Longtime television news anchor J.C. Hayward was dismissed from a high-profile charter school lawsuit Tuesday, releasing her from allegations that she was involved in financial mismanagement at a District school for troubled teens.
A spokesman for the city’s Office of the Attorney General confirmed that Hayward, a former anchor for WUSA (Channel 9) who once chaired the board of Options Public Charter School, reached a settlement with the city.
[Read the dismissal document here]
In October 2013, the D.C. attorney general filed a lawsuit naming the well-known television personality as one of five people involved in an effort to divert millions of federal tax dollars meant for Options to two for-profit companies that the school’s managers created and ran. Hayward allegedly signed off on contracts that steered tax dollars to the companies, according to the original complaint in the case. The lawsuit also alleged that she helped incorporate one of the companies and had an ownership interest in it.
According to the terms of the settlement, Hayward will pay $8,500 to Options, an amount authorities had alleged she received to attend one company’s board meetings.
Hayward’s attorney, Jeffrey S. Jacobovitz, noted that the amount had been approved by the board’s outside counsel at the time. He has long said that Hayward was innocent of any wrongdoing and unaware of any alleged scheme.
[Hayward profile: More than 40 years on the anchor desk. And then she was gone.]
The District’s claims are pending against the other defendants, including Paul Dalton, Donna Montgomery and David Cranford — all former managers at the school — and Jeremy Williams, a former chief financial officer of the D.C. Public Charter School Board. The Office of the Attorney General said a parallel federal investigation is pending.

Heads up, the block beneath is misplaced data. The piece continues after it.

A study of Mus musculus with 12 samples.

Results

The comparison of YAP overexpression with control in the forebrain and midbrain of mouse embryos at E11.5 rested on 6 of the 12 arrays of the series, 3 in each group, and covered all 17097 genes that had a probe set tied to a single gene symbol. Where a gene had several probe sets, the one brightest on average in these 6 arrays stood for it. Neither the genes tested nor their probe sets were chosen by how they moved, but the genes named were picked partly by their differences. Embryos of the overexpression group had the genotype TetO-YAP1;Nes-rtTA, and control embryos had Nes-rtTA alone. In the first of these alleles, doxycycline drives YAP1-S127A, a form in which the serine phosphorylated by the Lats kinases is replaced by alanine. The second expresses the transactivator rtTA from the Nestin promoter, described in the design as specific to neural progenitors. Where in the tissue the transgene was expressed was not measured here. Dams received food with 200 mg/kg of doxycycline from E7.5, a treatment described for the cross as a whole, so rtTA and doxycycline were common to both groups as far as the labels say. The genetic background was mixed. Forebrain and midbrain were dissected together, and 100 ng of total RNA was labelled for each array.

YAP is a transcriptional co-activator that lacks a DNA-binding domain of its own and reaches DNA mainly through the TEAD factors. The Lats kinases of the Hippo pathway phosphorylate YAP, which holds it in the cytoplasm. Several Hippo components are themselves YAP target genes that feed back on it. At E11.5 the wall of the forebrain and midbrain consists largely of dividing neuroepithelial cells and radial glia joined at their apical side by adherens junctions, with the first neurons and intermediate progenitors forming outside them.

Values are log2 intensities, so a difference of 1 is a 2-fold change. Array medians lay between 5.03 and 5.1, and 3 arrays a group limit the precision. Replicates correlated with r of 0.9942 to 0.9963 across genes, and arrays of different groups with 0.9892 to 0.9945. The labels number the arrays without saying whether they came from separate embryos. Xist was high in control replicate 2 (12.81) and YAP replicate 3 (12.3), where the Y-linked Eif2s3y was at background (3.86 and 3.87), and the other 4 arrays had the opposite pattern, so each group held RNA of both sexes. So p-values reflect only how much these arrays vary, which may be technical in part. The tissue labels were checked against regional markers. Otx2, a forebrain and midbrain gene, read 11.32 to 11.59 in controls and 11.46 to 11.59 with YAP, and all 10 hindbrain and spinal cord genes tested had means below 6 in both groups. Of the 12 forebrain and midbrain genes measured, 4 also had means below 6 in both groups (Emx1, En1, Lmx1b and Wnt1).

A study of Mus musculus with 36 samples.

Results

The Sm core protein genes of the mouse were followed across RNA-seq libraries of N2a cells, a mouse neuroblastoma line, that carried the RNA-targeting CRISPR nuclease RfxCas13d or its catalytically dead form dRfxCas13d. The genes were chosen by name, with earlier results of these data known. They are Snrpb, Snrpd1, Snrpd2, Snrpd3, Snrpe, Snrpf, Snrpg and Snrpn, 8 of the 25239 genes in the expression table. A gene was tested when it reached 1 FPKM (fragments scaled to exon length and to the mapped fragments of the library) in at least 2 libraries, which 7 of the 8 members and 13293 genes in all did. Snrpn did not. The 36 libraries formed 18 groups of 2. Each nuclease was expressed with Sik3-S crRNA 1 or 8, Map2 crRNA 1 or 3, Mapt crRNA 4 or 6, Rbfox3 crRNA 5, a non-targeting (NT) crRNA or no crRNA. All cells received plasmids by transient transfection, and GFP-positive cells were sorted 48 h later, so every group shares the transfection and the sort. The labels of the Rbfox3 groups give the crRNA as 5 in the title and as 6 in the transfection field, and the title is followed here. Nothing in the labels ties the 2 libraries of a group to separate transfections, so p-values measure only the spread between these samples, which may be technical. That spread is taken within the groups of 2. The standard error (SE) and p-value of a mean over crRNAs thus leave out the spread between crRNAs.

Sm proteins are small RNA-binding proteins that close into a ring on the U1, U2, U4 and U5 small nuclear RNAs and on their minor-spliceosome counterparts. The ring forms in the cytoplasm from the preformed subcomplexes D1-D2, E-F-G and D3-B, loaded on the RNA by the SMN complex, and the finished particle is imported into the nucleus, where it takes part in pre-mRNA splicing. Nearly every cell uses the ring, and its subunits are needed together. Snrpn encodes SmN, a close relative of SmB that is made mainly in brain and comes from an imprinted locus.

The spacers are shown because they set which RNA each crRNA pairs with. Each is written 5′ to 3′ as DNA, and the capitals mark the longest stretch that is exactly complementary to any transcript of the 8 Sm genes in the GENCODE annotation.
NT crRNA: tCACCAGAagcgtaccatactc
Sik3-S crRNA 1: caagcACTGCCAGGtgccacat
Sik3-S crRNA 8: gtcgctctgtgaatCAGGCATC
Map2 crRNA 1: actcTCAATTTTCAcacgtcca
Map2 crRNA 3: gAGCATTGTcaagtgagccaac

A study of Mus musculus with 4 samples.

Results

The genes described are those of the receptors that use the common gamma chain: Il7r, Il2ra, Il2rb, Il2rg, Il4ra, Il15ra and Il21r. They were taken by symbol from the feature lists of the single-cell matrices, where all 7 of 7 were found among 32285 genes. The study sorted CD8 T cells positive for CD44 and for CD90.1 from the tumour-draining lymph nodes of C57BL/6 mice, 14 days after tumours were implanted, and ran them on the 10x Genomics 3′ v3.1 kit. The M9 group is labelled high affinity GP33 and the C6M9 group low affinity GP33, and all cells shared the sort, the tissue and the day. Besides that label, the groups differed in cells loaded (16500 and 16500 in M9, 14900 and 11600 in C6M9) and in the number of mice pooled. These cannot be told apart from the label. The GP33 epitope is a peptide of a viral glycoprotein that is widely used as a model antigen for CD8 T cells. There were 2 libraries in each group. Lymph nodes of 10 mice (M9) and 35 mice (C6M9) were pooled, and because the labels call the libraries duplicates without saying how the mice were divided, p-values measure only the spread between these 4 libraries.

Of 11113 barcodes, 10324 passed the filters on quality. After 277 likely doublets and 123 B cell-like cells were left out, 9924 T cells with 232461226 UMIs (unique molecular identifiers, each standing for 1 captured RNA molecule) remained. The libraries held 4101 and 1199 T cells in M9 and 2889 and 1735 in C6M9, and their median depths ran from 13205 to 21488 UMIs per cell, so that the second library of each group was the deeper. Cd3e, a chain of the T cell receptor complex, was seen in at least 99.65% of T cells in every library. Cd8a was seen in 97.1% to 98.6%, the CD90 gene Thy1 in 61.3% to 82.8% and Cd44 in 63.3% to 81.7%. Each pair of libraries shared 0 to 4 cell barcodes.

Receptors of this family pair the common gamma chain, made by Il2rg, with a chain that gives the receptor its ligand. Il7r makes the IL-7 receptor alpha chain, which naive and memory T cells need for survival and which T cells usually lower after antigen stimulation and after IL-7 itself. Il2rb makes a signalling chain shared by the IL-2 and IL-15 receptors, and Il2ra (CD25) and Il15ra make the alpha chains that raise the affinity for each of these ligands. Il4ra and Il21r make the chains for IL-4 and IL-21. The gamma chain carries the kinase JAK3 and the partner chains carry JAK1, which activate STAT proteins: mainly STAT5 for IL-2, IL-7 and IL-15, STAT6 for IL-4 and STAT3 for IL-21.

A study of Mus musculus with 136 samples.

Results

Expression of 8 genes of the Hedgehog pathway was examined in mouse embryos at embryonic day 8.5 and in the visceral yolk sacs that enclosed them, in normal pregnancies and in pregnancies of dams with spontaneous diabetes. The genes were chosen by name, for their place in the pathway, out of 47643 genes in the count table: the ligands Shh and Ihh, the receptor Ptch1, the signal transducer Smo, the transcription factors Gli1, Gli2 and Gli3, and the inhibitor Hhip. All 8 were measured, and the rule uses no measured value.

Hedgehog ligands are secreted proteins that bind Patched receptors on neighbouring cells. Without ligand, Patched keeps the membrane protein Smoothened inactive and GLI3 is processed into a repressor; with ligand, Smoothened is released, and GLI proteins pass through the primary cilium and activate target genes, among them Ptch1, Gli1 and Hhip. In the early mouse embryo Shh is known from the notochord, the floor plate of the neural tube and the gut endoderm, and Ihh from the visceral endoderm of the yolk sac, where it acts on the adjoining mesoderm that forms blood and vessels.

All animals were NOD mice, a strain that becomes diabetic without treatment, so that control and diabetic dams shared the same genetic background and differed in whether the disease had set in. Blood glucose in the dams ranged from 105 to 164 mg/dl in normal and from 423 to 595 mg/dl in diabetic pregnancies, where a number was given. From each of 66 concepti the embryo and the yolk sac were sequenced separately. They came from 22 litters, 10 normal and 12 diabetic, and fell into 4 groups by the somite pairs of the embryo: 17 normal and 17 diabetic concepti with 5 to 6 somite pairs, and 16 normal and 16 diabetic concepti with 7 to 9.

D.C. officials have alleged that the managers of the Northeast Washington school diverted at least $3 million to enrich themselves, engaging in a “pattern of self-dealing” that was part of an elaborate contracting scam. The private companies won lucrative contracts for bus transportation and school management and were paid for services that went undocumented or were performed by school employees, according to court papers.
The former school leaders have said that no public funds were misused and that the contracts and payments were vetted by the school’s board, external auditors and the D.C. Public Charter School Board.
Hayward retired from WUSA in January after four decades on the air. She had been on hiatus since late 2013, when she was placed on leave pending an investigation into the Options allegations.
“Ms. Hayward has always disputed these claims from the beginning and has professed her profound commitment to helping at-risk young people in the Metropolitan Washington D.C. area,” Jacobovitz said in a statement on behalf of Hayward.
The first female news anchor in the Washington area 43 years ago, Hayward has been a prominent supporter of local charities and is a familiar face to many residents. Since her retirement, he said, she has been working to set up a scholarship endowment for the Boys and Girls Club of Greater Washington.
“Ms. Hayward is delighted that she will be able to leave a lasting legacy. This lawsuit closes a small chapter in her life,” he said.
Hayward, who has declined to comment on the allegations, said this year that the civil case and criminal investigation had no bearing on her decision to retire.
“I’ve moved on with my life,” she said in January, when she announced her retirement. “Sometimes life hands you cards that you don’t exactly like, but you have to play them, and you can’t just sit around and be sad about the hand that was dealt you.”
Rocky Twyman, chairman of the Friends of J.C. Hayward, a support group that was formed after the allegations against Hayward became public, said he was ecstatic after hearing that she would no longer be part of the civil suit.
“This has been so heavy, because we know about all the wonderful works she has done, and we could not believe that she would steal any money, especially from a school of challenged children,” Twyman said.